What can aspiring writers learn from the Olympics?

Olympians, whether they earn gold, silver or bronze, or just compete at that elite level, have huge mountains to climb. When they set out on their goals of wanting to be in the Olympics – and that is what many of them say they did at seven or eight years old – those mountains must have seemed a very long way off.

It strikes me that the one thing that all these top athletes have in common is perseverance. That dogged determination to get there no matter what. They give it everything they have and more and they stick it out. They must  have the ability to hang on in there, through the pain, through the local competitions, through the successes and failures, until one day, they are selected to compete for their country. And even then, there is the distinct possibility that they will fail, lose at that eleventh hour. And with a once in every four years window, their chance may never come again.  For many, that is it. By the time it all comes round next time, they are too old, too out of touch with the next generation of athletes. They have missed their goal.

Yet they try. Over all the years, the lumps and bumps, the injuries, the enormous mountains that have to be conquered, they train. They hold in their mind the slim chance of success.

As writers, we have to do the same. Those ambitions of getting the novel started, plotting and plodding through to the end. Revising and revising. These are our training grounds. These are our hurdles. I know am borrowing the phrase, but this is a marathon, not a sprint.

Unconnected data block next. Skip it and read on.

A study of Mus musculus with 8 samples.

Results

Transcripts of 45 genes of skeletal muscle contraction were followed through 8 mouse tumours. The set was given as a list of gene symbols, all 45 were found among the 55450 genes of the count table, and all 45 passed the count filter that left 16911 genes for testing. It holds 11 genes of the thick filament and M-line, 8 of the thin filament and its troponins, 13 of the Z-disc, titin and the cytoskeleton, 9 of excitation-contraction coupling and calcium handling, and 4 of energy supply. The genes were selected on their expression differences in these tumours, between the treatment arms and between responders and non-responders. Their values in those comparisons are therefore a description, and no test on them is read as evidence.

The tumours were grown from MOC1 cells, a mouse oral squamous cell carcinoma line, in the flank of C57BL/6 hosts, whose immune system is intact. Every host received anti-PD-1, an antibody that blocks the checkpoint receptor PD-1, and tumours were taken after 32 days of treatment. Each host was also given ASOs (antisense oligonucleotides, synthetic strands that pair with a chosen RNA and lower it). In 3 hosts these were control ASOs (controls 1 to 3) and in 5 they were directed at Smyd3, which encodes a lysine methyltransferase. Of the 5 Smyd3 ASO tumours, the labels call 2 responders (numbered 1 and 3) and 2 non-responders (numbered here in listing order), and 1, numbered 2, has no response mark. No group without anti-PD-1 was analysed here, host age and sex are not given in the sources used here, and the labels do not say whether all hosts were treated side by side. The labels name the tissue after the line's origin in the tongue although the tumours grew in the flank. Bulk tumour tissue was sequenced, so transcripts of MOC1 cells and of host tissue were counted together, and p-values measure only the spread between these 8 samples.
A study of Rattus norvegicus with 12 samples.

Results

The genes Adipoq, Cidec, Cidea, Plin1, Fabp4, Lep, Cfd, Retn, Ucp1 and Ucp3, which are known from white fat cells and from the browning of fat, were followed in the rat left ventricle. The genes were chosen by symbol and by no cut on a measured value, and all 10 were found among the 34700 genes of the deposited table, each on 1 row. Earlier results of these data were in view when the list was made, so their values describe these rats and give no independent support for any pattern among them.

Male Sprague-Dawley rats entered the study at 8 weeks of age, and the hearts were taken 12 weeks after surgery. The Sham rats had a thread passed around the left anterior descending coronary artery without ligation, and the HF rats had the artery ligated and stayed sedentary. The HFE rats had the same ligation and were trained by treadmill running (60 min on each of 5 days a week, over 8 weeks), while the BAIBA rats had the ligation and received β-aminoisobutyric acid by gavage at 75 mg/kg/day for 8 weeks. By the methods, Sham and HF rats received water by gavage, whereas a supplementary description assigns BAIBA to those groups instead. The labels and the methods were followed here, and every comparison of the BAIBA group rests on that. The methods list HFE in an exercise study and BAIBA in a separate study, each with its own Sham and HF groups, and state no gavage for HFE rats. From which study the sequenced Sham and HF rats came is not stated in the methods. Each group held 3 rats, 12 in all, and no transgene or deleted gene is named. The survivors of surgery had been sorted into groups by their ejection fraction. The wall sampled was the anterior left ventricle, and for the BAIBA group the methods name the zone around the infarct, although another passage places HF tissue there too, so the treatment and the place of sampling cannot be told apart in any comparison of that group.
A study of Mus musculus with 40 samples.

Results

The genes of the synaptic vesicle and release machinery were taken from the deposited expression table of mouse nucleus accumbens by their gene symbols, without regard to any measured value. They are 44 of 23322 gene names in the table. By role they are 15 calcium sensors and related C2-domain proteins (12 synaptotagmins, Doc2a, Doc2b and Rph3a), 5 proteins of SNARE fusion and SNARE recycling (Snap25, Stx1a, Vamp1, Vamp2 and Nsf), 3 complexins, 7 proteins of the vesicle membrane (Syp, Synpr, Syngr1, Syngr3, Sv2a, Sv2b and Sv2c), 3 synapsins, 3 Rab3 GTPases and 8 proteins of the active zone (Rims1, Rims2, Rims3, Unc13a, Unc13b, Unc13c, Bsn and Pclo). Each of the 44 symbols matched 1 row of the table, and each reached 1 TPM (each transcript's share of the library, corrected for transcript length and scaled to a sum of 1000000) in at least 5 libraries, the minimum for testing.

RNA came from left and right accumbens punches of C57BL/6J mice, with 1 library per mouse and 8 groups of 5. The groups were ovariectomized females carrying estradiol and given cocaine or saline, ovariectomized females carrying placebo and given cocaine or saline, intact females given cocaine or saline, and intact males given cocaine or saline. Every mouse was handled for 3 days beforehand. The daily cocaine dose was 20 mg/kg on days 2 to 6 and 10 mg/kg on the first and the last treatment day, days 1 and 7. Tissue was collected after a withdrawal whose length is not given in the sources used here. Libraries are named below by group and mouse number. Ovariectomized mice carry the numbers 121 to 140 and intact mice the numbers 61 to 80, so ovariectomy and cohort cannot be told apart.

We have to stick it out to the very end and whatever the result, whether it is reading our stories to our grandchildren to being published and being the next literary prize winner, we have to give it everything we have. We have to keep faith, be determined, maintain the dream. And the only way to do that is to write, through all the barriers that come our way, including our very own selves.

So find a picture of a mountain, label it your dream and tell yourself you will climb that mountain, because you have what those athletes have: perseverance.


  1. I found a picture of a city on the coast, maybe Miami, that shows a building on the water’s edge. The first thought that came to mind when I saw that building was: I want to jump off of that. Of course, I plan to have a wind suit for such a thing, but to jump off of that building and soar out toward the open ocean is apparently a dream of mine. I’ll do what I’m able to make it happen, sometime or another. Now, to climb up the mountain in order to soar over it – there’s the goal without offered directions.

  2. What a great comparison! It is something I have to keep telling myself. Just keep at it. I finally finished a draft of a short story a few weeks ago but it didn’t quite turn out the way I wanted it. I need to sit down and do some editing, but just haven’t found the motivation lately. I guess I better stare at my favorite picture of the ocean to motivate myself to polish that story.